An alternative to wood trim around doors, windows and skylights.
Synopsis: A drywall specialist demonstrates how corner bead and drywall can replace wood trim at door and window openings. Drywall is a low-cost alternative to expensive stain-grade trim and more attractive than the inexpensive pine that may be used in its place.
Trimming out doors, windows and skylights can be a rewarding endeavor. It can also be costly, if done with the proper care and materials that this labor-intensive procedure requires. Unfortunately, as a house nears completion and costs are running over estimate, this can be one area of a job that experiences severe cutbacks. The most frequently used alternative to first-rate trim is inexpensive pine, applied as plainly as possible. Many owner-builders, and even some contractors, justify this route with the argument that one can go back through the house when time and money allow, and redo the trim in proper fashion. Of course, we all know that the chances of this happening are slim.
A more graceful alternative to the pine solution is drywall detailing around windows, sky-lights, archways, and even doors. Although the labor involved is comparable to that for installing wood trim, the materials are much less expensive. Don’t get me wrong—I love beautiful trim work. But I also appreciate a project brought in on budget. And even where money isn’t the overriding factor, drywall detailing may still be the most effective and pleasing solution to many trim problems. This is particularly true in renovation, where old work must abut new.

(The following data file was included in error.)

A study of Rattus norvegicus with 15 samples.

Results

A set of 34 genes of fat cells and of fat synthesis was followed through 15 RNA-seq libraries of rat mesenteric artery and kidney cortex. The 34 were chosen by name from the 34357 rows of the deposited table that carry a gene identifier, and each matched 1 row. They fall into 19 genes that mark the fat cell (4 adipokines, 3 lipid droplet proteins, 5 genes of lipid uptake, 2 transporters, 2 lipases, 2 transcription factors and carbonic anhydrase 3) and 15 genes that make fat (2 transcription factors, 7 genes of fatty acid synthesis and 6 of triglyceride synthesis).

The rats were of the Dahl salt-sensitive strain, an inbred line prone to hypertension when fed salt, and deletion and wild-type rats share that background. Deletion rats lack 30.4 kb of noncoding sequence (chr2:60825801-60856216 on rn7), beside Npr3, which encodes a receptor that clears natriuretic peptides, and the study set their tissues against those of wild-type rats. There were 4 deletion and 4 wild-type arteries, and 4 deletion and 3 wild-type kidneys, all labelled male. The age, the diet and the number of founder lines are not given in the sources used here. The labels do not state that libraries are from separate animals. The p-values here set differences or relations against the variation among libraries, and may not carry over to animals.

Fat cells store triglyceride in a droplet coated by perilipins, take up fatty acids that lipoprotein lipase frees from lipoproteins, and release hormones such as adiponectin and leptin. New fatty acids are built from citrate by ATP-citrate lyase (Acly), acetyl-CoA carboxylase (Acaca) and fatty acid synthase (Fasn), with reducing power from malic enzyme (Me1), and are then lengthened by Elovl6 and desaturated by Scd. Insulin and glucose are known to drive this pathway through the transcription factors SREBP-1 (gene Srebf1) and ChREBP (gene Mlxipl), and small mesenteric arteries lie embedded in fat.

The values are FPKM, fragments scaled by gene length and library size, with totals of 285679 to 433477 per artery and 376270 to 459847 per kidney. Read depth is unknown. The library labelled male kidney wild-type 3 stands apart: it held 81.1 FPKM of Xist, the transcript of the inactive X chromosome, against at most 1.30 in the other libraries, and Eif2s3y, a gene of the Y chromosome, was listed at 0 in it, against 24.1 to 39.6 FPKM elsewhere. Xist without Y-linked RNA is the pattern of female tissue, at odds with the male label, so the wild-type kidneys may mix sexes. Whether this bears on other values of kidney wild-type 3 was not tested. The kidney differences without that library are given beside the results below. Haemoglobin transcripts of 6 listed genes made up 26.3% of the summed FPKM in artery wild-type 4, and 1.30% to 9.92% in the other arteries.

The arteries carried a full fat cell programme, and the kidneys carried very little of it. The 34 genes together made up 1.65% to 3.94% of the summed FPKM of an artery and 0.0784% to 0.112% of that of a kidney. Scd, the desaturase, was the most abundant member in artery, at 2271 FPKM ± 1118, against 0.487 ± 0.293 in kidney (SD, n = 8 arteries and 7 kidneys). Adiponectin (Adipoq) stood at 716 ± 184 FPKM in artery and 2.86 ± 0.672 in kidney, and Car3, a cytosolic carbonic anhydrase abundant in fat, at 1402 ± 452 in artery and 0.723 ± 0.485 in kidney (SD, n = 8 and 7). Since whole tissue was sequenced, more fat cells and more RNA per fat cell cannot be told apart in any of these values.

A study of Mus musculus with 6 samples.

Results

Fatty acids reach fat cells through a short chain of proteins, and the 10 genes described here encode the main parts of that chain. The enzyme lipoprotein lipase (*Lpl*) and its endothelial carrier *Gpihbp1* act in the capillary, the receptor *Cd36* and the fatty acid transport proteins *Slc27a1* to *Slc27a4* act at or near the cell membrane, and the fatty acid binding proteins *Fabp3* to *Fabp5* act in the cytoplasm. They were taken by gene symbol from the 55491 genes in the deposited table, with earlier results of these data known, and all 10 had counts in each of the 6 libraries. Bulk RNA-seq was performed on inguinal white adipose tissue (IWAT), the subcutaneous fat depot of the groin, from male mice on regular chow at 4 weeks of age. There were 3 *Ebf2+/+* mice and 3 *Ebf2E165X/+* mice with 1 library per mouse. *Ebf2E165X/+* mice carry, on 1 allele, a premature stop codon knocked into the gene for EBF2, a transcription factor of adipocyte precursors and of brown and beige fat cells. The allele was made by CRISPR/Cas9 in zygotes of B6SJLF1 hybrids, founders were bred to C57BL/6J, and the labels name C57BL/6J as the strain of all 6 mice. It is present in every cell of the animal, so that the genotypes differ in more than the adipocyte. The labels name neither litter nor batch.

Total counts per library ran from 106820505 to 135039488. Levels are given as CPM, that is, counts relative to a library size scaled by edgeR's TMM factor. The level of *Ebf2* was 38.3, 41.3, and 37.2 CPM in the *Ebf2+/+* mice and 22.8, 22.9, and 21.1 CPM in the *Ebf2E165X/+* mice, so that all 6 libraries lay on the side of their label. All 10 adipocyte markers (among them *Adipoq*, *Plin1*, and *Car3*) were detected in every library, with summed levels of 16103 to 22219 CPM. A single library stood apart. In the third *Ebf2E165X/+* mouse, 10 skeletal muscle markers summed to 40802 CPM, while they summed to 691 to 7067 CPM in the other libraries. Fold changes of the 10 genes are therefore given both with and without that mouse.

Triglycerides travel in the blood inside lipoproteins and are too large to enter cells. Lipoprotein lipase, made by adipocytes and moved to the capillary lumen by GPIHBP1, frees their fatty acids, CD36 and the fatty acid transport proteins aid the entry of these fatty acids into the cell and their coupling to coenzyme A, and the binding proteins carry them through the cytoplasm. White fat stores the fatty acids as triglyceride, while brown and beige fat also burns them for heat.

Mud and metal
The basic materials for detailing wall openings are the various beads, moldings and tapes that are available through a good drywall supplier. I have not used the blueboard and veneer-coat system of plaster, so here I’ll concentrate on the standard dry-wall accessories.
Corner bead is the obvious choice for forming wall returns into windows, without the use of casings. It’s available in galvanized steel and white vinyl. Corner bead can be attached by driving a drywall nail every 4 in. to 6 in. along each side of its length. The length of the nail will depend on the thickness of the drywall; the nail should penetrate the framing 3/8 in. to 1/2 in. One advantage of metal corner bead is that you can attach it with a crimping tool,which crimps the edges of the bead so that it grips the drywall. This saves quite a bit of time, especially on large jobs, and also helps to center the bead. If the bead is rolled to one side, it makes the other side difficult to cover with compound. Though I use a crimping tool to set the bead, I always add four to six nails for extra security. Any structural movement, particularly in a new house, is liable to show around windows and doors, and the first casualty will always be the drywall work. But there are times when nails can’t be used, particularly in old houses where the interior walls have been covered with a layer of foamboard insulation beneath new drywall. The foam and drywall create built-up corners through which nails won’t easily reach. In such cases, a crimping tool is all one can use in applying standard metal corner bead. Crimping tools retail for $60 to$70.